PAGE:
President George W. Bush has signed legislation renewing the Trafficking Victims Protection Act of 2000, which was the first comprehensive U.S. law aimed at deterring human trafficking, punishing traffickers, and protecting and rehabilitating the victims. Human trafficking is a modern day form of slavery that involves 600 to 800 thousand women, children, and men who are used in forced prostitution, as well as forced labor in factories, fields, restaurants, and homes.
Mr. Bush said human trafficking is a "perverse form of evil" that exploits and hurts vulnerable members of society:
"Human traffickers operate with greed and without conscience, treating their victims as nothing more than goods and commodities for sale to the highest bidder. In recent years, hundreds of thousands of people around the world have been trafficked against their will, across international boundaries, and many have been forced into sexual servitude. Thousands of teenagers and young girls are trafficked into the United States every year. They're held hostage. They're forced to submit to unspeakable evil. America has a particular duty to fight this horror because human trafficking is an affront to the defining promise of our country."
The renewed U.S. anti-trafficking law authorizes new funds to the Federal Bureau of Investigation to combat both domestic and international trafficking. It expands funding for anti-trafficking programs in the United States that seek to reduce the demand for commercial sex by holding those who purchase sex accountable, and seeks to combat specific problems such as international peacekeepers who participate in human trafficking or by U.S. federal employees and contractors working overseas. Mr. Bush said the United States will continue to call on other nations to take action against trafficking:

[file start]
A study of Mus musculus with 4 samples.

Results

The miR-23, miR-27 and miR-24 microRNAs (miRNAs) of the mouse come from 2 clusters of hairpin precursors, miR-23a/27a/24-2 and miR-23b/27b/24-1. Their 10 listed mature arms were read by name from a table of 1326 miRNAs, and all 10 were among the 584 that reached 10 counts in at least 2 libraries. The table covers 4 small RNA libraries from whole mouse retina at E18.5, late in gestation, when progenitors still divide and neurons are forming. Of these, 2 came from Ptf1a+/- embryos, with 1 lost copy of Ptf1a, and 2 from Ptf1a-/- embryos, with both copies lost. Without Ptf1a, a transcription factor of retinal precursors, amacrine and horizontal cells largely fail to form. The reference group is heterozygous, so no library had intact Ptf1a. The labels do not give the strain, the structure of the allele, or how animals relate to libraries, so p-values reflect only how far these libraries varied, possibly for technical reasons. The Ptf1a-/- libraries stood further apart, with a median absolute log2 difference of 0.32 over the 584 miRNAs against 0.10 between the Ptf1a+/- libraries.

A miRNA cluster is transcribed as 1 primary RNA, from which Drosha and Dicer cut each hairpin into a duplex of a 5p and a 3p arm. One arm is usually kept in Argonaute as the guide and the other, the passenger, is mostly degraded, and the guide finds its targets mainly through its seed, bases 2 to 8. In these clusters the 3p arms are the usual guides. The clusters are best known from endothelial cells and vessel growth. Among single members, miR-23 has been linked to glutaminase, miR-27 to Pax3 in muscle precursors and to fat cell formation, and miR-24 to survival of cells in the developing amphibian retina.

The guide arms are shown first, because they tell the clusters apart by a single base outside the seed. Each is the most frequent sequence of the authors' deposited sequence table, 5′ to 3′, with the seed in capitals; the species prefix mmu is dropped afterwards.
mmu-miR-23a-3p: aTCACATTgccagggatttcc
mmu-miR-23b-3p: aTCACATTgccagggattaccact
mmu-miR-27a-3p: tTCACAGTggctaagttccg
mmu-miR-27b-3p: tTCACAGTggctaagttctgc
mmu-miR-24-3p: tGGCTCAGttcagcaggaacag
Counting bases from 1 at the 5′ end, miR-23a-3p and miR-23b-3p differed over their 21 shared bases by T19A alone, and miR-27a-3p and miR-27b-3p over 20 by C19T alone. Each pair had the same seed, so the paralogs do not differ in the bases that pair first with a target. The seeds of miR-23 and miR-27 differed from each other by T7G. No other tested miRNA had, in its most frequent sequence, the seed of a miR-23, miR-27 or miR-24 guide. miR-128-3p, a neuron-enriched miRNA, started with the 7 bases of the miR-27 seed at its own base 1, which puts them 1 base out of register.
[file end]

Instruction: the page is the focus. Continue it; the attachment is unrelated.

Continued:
"Three years ago, at the United Nations, I asked other governments to pass laws making human trafficking a crime. Since then, many have risen to the challenge. Secretary [of State Condoleezza] Rice and I will continue to press the others to rise to the challenge."
The United States, said President Bush, "will not tolerate an industry that preys on the young and the vulnerable."
The preceding was an editorial reflecting the views of the United States Government.